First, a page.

What is a lupin allergy?
A lupin allergy is an allergy to a bean called lupin (also spelled lupine).
Lupin beans, also called lupins, are the seeds of the lupinus plant, which is a popular garden plant with tall, colourful flower spikes.
Lupin beans are a traditional food in Mediterranean cuisine where they are eaten whole as a snack, added to salads or enjoyed as antipasto.
Lupin beans are also crushed and used to make lupin flour, which can be used in baked goods such as pastries, pies, pancakes and in pasta.
Until fairly recently, lupin has been less commonly consumed in the UK.
However, as lupin flour is naturally gluten-free, it is increasingly being used as a substitute for wheat and other gluten-containing cereals in gluten-free products.
And, with the rise of gluten allergies and intolerances in the UK, people are consuming more lupin because it’s often found in these gluten-free products.
Products containing lupin flour have also become an increasingly popular choice for those on Keto diets.
Lupin beans can also be used to make lupin protein because their protein content is high (up to 44%).
Lupin protein can be used as an alternative to soya protein in vegan or plant-based products such as vegetarian meat substitutes.
Therefore, those on vegan or plant-based diets may also be unknowingly consuming lupin.
Which foods contain lupin/what should you avoid?
Lupin can be found in a wide range of food products from baked goods such as bread, pastries and pies, to pasta or noodles and meat-based products such as burgers and sausages.
Foods that are gluten-free, soy-free or free from genetically modified ingredients may also contain lupin.
If you want to follow a gluten-free or soy-free diet, and you have a lupin allergy, you should be very careful when selecting gluten-free and soy-free foods.
In the UK lupin is one for the 14 major food allergens. This means that food manufacturers that make pre-packaged food are legally required to highlight lupin on the label if a food product contains it.
Lupin might appear on food packaging under the following names: lupin, lupine, lupin seeds, lupin beans or lupin flour.
So, to avoid lupin, you need to become an avid food label reader and check labels on…
- Biscuits and cookies
- Coated and deep-fried vegetables, e.g. onion rings, mushrooms
- Chocolate drinks
- Free-from products, e.g. ice creams
- Gluten-free products, e.g. pasta, sausages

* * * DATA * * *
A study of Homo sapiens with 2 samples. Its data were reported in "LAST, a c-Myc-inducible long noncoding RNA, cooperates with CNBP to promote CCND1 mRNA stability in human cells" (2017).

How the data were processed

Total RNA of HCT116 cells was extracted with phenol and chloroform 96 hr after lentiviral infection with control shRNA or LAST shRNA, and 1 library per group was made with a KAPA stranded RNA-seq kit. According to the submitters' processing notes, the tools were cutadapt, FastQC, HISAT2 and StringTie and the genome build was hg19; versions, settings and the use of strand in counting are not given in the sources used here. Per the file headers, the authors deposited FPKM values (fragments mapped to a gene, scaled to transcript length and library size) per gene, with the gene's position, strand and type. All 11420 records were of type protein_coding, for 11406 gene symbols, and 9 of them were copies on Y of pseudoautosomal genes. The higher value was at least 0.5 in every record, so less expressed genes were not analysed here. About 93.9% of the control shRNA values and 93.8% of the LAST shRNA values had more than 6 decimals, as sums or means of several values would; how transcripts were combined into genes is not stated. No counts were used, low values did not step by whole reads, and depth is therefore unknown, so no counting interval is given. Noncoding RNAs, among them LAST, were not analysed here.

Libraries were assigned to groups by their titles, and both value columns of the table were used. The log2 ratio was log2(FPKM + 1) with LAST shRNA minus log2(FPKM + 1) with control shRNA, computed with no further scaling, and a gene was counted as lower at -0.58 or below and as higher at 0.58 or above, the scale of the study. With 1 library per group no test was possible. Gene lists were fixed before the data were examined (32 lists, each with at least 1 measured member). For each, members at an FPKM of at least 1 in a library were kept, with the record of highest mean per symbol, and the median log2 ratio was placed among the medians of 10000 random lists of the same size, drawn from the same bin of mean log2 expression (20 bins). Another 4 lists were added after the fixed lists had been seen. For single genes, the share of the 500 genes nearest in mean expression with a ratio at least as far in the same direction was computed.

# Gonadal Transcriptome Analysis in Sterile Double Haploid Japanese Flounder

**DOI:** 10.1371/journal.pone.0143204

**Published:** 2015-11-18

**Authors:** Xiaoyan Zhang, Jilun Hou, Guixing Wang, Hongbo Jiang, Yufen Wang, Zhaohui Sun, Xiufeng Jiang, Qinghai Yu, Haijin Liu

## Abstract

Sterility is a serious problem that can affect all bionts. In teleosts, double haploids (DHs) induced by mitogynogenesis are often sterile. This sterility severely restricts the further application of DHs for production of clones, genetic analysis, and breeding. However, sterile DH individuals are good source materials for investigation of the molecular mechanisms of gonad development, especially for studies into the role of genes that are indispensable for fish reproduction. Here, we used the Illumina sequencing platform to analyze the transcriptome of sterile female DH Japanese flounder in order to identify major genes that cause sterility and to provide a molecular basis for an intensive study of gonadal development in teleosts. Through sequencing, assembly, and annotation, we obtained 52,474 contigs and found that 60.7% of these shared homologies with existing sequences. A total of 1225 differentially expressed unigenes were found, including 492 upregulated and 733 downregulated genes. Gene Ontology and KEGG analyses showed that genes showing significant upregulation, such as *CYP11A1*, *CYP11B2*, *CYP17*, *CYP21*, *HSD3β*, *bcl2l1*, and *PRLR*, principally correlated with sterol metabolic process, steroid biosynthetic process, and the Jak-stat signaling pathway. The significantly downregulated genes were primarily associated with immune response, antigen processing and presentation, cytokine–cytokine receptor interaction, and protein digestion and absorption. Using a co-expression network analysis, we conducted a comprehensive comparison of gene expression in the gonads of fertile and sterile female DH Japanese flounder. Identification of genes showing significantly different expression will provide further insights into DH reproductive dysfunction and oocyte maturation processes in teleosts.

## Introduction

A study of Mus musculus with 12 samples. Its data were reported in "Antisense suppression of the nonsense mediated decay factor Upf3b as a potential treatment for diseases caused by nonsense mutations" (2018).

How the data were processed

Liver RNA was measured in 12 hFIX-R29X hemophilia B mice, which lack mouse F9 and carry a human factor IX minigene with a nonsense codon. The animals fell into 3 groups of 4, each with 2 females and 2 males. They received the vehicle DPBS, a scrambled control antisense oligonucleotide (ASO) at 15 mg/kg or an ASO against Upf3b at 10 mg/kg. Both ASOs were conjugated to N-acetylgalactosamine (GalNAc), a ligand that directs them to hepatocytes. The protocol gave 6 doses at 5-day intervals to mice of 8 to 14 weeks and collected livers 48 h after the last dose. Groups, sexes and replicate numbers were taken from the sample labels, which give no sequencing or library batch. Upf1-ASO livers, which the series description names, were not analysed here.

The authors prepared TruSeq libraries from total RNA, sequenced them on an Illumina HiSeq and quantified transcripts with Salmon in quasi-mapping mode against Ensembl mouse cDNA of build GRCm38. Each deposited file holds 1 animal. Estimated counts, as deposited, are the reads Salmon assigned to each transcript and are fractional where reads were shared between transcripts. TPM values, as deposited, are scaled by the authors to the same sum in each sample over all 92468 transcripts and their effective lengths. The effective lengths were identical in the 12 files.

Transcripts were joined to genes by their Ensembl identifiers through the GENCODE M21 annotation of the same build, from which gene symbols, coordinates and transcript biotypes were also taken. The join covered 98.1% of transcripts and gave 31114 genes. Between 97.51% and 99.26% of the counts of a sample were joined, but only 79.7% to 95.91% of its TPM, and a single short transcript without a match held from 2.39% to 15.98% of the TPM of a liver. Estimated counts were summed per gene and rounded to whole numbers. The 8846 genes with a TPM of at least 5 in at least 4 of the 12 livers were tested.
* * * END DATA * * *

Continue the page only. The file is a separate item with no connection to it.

- Pies and pastry cases
- Products containing crumb
- Protein shakes
- Vegetarian meat substitutes
Lupin allergy symptoms/what happens if left untreated?
Allergic reactions to lupin cause similar symptoms seen with other food allergens.
Mild symptoms may include an itchy skin rash (hives or urticaria) on the body, a runny nose, sneezing or watery eyes or a tingling or itchy feeling in the mouth.
More serious symptoms are uncommon but are a possibility for some people. These may include:
- Swelling of the face, lips, tongue, throat or mouth
- Abdominal pain, nausea and vomiting
- Breathing difficulties, coughing and wheezing, especially if the person has asthma
- Anaphylaxis (which can be fatal)
Anaphylaxis usually develops suddenly and gets worse very quickly.
The symptoms of anaphylaxis include difficulty breathing, feeling faint and dizzy, swollen tongue and issues with speaking or swallowing, a tight chest, fast heartbeat, clammy skin, confusion and anxiety as well as collapsing and losing consciousness.
If a person experiences anaphylaxis, it is a medical emergency and an ambulance must be called.
What’s the link between peanut and lupin allergy?
People who are allergic to peanuts may also react to lupin. Indeed, people with peanut allergies are most at risk of a lupin allergy.
Lupin is a legume belonging to the same plant family as peanuts and a number of studies have demonstrated a link between lupin allergy and peanut allergy.
One study found that the principal allergen (a protein) that was present in lupin flour was closely similar to one of the allergens found in peanuts.
While a person with a lupin allergy will not necessarily have a peanut allergy and those with a peanut allergy will not necessarily be allergic to lupin, those with severe allergies to either lupin or peanuts should be aware of the potential for a reaction.
Because lupin flour is used in baked goods and pasta, especially gluten-free products, those with peanut allergy, who are also avoiding gluten, need to be careful they are not inadvertently eating products which put them at risk of a potentially life-threatening allergic reaction.
How to treat/manage lupin allergy
A lupin allergy is best managed by checking all ingredients in pre-packaged foods, asking about the ingredients in dishes when eating out at restaurants and avoiding foods and drinks that contain lupin flour or lupin beans.
If a mild reaction occurs, taking antihistamines may help to reduce symptoms.
If an anaphylactic reaction occurs, an adrenaline auto-injector should be administered and 999 called.